Latest Virginia News | WAMU 88.5 - American University Radio

WAMU 88.5 : News

Filed Under:

Latest Virginia News

Play associated audio

RICHMOND, Va. (AP) Virginia's public colleges and universities will be eligible to apply for $50 million to enhance student enrollment and retention, increase the number of students pursuing science and health-care fields, and boost undergraduate financial aid. Officials say grants will go to those that propose efforts in line with goals from the state higher education reform commission.

RICHMOND, Va. (AP) The state veterinarian is recommending that livestock owners in southwest Virginia consider rabies vaccinations for their animals because of recent cases of rabies in the region. Officials say there's an increase of rabies in livestock in the western part of the state.

RICHMOND, Va. (AP) An attorney for 40 Gloucester County citizens who were fined $2,000 apiece for trying to oust four county supervisors has asked the Virginia Supreme Court to toss out the sanctions. The lawyer, Steve Emmert, says the petitions are "political speech" protected by the Constitution.

NORFOLK, Va. (AP) Two history textbooks that contain multiple errors will be replaced without charge to Virginia schools. Five Ponds Press is revising "Our Virginia: Past and Present" and "Our America to 1865" with the help of a historian.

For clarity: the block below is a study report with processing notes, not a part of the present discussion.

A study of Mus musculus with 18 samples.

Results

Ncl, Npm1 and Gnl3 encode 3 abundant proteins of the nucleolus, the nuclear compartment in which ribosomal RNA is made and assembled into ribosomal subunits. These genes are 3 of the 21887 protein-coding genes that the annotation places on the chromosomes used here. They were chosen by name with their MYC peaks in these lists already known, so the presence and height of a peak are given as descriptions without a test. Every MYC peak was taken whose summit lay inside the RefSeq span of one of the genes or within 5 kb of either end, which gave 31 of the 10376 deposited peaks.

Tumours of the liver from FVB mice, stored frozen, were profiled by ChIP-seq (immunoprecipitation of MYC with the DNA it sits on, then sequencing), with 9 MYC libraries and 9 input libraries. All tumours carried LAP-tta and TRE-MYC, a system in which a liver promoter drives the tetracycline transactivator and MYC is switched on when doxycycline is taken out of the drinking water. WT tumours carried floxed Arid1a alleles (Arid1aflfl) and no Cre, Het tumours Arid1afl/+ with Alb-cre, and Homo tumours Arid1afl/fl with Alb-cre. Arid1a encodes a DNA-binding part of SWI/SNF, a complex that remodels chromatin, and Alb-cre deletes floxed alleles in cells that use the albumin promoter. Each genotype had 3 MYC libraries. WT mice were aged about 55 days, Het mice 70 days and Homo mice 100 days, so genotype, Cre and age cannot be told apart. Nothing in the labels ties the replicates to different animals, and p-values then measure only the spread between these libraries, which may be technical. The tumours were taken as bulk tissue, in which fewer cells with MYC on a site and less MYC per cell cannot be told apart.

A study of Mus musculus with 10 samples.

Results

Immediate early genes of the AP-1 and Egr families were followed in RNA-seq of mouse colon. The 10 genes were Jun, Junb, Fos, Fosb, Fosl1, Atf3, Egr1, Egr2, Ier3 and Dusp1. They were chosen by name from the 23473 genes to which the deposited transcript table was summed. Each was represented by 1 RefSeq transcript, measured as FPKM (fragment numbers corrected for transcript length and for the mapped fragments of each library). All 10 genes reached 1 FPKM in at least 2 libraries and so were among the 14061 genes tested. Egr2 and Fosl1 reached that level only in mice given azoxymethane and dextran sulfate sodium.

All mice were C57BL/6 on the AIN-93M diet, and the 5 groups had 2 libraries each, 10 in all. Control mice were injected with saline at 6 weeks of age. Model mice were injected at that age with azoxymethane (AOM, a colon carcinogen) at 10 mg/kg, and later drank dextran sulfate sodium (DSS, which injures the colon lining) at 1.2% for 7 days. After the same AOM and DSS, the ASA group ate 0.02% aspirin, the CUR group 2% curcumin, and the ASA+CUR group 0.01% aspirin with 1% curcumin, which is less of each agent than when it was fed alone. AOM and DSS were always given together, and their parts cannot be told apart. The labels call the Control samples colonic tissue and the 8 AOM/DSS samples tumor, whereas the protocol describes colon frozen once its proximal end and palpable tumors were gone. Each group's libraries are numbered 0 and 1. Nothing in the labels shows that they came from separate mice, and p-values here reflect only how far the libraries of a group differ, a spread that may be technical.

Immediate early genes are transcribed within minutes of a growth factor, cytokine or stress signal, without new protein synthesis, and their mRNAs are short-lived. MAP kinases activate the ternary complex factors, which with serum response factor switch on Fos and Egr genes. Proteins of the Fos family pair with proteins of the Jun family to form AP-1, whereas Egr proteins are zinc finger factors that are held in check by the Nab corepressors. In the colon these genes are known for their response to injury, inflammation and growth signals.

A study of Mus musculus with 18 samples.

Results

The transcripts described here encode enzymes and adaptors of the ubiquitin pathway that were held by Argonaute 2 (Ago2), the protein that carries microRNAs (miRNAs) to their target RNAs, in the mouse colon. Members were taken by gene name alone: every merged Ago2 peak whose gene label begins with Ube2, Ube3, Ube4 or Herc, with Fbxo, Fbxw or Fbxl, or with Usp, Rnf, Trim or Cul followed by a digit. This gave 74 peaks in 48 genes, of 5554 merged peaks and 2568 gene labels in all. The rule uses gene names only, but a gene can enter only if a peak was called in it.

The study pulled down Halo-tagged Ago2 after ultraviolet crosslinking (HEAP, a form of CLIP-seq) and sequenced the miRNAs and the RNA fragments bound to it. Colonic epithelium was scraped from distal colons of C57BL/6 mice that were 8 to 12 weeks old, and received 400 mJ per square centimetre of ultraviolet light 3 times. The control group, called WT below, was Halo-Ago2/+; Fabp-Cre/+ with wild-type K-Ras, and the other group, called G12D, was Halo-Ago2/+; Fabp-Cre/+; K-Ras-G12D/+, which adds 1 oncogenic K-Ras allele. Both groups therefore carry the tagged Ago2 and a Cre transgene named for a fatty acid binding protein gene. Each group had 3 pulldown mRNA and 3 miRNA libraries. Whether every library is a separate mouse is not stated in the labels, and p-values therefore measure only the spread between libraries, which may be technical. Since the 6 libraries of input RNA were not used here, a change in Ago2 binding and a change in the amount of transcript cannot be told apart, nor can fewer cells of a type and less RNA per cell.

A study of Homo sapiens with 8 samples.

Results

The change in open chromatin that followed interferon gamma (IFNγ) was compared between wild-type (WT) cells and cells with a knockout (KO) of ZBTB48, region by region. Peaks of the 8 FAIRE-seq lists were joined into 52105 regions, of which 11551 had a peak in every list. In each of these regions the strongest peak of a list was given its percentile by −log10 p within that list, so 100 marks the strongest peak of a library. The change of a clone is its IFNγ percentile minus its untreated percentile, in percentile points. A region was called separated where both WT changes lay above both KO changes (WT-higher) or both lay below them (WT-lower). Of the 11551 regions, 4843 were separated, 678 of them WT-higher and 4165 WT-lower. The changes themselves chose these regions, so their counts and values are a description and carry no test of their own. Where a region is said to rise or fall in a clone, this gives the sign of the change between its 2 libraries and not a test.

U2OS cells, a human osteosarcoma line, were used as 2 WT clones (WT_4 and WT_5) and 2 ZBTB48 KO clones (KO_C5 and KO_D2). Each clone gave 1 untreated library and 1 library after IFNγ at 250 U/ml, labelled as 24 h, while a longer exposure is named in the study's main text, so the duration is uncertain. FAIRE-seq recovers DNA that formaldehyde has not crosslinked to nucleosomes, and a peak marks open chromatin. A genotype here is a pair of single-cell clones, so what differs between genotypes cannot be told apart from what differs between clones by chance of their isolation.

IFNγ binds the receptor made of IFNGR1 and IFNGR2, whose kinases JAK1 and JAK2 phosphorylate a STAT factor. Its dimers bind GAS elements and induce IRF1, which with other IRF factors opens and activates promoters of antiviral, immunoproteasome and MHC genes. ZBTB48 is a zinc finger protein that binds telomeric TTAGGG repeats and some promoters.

(Copyright 2011 by The Associated Press. All Rights Reserved.)

WAMU 88.5

Art Beat With Lauren Landau, July 23

You can see a horror flick or attend a film festival about the events and heroes of the Civil Rights Movement.

NPR

Fruit Recall Hits Trader Joe's, Costco, Wal-Mart Stores

The recall applies to "certain lots of whole peaches (white and yellow), nectarines (white and yellow), plums and pluots" from a California packing company, the FDA says.
NPR

California Nurses Union Braces For Contract Battle

The largest union of nurses in California starts contract negotiations Thursday with Kaiser Permanente's hospitals. Talks went smoothly four years ago, but this round will likely be more contentious.
NPR

A Plan To Untangle Our Digital Lives After We're Gone

In the digital age, our online accounts don't die with us. A proposed law might determine what does happen to them. But the tech industry warns the measure could threaten the privacy of the deceased.

Leave a Comment

Help keep the conversation civil. Please refer to our Terms of Use and Code of Conduct before posting your comments.